Productivity Commission Research Paper

The Research Paper is the first in a new program of GTE monitoring to provide information on the performance of Australian industries and the progress of microeconomic reform. It is suitable for making a general assessment of financial performance within and across sectors and for providing a baseline for measuring further improvements as reforms are implemented. The existence of the Paper also increases transparency and strengthens accountability.

Scope of the Paper:

The report covers 86 GTEs over the period 2000-01 to 2004-05. This represents the majority of the GTEs currently operating. In 2004-05 these GTEs controlled assets valued at more than $186 billon and generated $63 billion in revenue. The monitored GTEs represent the electricity, water (sewerage, drainage and irrigation), urban transport (railways and ports) and forestry sectors. Australia Post, Airservices Australia and Telstra are also analysed.

Contents of the Paper:
  • An overview of the financial performance of the monitored GTEs over the last five years;
  • Summaries of, and discussion regarding, the data and financial performance indicators used;
  • Findings of the research into capital structures and equity withdrawals; and
  • Performance reports presented by sector, with commentary on the influence of structural reforms and the market environment.

Key Findings:

2000-01 to 2004-05
  • Over the entire reporting period, overall profitability of the GTEs (excluding Telstra) improved.
  • Aggregate profitability of the 54 GTEs monitored since 2000-01 increased from 10.7 percent to 11.4 percent.
  • The return on assets for the GTEs monitored over the entire reporting period, excluding Telstra, increased to  8.0 percent in 2004-05 from 6.8 percent in 2000-01.
  • At the start of the reporting period , 52 per cent of the 54 GTEs earned a rate of return on assets above that year’s long-term bond rate (5.8 per cent). In 2004-05, 48 per cent of those GTEs achieved a rate of return above the risk-free rate.
  • The electricity sector had the strongest returns of all those monitored.
2003-04 to 2004-05
  • In 2004-05, the overall financial position of the electricity, rail and urban transport sectors generally improved. However, the results for water, forestry and ports sectors were lower overall.
  • Compared with the previous year, the aggregate profitability increased in the water, rail and urban transport sectors in 2004-05, but fell in the electricity, forestry and ports sectors.
  • In 2004-05, 47 percent of GTEs monitored earned nominal pre-tax returns on assets above the 10-year bond rate. This is marginally higher than the previous year.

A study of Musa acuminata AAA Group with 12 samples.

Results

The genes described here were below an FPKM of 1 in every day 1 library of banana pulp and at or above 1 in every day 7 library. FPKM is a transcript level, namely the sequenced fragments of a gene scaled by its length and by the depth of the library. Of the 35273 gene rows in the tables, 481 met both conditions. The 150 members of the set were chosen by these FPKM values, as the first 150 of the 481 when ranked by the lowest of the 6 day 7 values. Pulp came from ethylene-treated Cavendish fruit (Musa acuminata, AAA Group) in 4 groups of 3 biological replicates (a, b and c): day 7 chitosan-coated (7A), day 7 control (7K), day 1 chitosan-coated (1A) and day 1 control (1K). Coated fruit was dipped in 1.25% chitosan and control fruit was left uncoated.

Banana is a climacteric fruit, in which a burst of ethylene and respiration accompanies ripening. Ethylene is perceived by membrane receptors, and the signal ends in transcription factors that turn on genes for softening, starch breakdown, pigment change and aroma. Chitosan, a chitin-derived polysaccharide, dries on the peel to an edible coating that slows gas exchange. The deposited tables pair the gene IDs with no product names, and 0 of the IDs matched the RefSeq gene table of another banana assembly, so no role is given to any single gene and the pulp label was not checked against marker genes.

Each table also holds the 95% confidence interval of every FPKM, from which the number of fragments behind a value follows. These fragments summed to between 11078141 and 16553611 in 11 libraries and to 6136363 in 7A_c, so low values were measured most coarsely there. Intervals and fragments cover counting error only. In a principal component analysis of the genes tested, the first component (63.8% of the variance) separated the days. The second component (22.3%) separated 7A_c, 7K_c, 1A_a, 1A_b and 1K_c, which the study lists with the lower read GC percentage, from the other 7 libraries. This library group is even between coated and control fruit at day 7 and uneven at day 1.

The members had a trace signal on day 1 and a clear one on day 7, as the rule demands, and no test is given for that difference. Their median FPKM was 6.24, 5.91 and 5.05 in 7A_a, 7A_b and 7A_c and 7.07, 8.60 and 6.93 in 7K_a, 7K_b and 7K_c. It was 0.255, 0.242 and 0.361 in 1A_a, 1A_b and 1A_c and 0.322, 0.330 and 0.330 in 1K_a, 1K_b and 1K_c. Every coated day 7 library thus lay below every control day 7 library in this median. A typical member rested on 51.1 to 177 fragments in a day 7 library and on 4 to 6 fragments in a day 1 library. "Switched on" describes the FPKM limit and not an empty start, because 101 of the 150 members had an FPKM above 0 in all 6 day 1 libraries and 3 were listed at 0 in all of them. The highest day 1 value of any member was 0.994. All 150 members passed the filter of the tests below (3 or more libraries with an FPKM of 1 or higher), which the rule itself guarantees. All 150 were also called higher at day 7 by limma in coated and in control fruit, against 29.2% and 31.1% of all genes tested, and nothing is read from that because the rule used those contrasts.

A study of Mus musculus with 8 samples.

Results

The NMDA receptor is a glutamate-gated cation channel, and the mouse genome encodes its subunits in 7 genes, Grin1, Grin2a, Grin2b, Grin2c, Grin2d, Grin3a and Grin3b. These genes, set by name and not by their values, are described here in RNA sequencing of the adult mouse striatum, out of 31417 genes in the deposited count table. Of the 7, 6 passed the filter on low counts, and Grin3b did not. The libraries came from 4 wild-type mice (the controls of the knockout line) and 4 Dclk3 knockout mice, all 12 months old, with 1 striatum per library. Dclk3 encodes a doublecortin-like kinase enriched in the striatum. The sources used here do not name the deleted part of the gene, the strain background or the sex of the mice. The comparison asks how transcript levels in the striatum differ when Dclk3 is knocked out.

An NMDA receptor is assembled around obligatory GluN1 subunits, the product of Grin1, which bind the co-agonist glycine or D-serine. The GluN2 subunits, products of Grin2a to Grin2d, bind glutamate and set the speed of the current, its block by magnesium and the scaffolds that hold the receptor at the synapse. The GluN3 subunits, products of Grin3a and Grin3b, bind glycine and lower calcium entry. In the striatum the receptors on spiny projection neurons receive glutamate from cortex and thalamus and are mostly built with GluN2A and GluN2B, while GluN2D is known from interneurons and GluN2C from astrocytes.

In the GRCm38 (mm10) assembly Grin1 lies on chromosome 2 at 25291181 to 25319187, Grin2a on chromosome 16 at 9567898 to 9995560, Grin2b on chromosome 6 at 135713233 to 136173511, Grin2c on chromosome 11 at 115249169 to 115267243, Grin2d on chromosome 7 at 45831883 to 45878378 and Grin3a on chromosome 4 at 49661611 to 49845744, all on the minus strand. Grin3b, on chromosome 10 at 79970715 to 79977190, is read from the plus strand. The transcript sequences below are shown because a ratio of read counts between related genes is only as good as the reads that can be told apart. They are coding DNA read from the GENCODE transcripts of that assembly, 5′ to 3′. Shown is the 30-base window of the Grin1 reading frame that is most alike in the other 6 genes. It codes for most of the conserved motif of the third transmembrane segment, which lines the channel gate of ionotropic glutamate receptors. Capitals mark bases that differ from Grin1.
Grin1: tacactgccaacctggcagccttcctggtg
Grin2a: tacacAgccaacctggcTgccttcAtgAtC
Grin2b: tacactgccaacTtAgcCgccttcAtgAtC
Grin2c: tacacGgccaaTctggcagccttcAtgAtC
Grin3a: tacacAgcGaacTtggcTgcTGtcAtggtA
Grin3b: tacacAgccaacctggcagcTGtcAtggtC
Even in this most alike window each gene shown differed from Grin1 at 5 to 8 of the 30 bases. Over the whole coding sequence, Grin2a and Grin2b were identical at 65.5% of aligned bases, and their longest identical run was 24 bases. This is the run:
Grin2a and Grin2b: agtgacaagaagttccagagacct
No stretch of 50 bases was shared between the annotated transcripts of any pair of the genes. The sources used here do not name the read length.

Debt Levels
  • The average debt level of the GTEs monitored since 2000-01 increased by 3.2 percent in real terms over the five years.
  • The electricity, water and ports sectors increased debt by 10 percent. In contrast, the urban transport and rail sectors, Australia Post, Air Services Australia and Telstra have reduced real debt.
  • 44 percent of the GTEs monitored since 2000-01 decreased their nominal debt level. This is due to factors including debt reduction programs, reduced capital expenditure and partial privatisation of some businesses.
Government Transactions
  • In 2004-05, the 86 GTEs paid almost $3.5 billion in tax-equivalent payments to governments. Telstra contributed 52 percent of this amount. The remaining GTEs paid an average of around $20 million each.
  • In 2004-05, 64 GTEs made dividend payments to their owner governments. Total dividends paid were over $4.9 billion. Over 40 percent of this came from Telstra. Dividend payments of the 53 GTEs monitored since 2000-01, excluding Telstra, have increased by 10 percent over the reporting period.
Equity Withdrawals
  • It appears that recent government equity withdrawals have not significantly affected financial performance. However, transparency associated with the transactions remains below private sector reporting requirements.
Community Service Obligations (CSOs)
  • Current government policy is to make on-budget payments directly to the GTEs for the provision of certain CSOs.
  • In 2004-05, governments paid monitored GTEs $4 billion in disclosed CSO payments. Rail GTEs received 67 percent of this funding.
  • Total CSO payments to those GTEs monitored for the entire reporting period increased by 13 percent in real terms from 2000-01 to 2004-05.
Factors Affecting Financial Performance Specific to GTEs:
  • The emphasis that governments place on non-commercial objectives should be considered when comparing the performance of GTEs.
  • The GTEs monitored generally operate in regulated industries, where prices are largely determined by independent price regulators or require ministerial approval.

Government ownership and borrowing arrangements reduce the incentives to maximise shareholder return and operational efficiency which flow from appropriate capital structures and market engagement.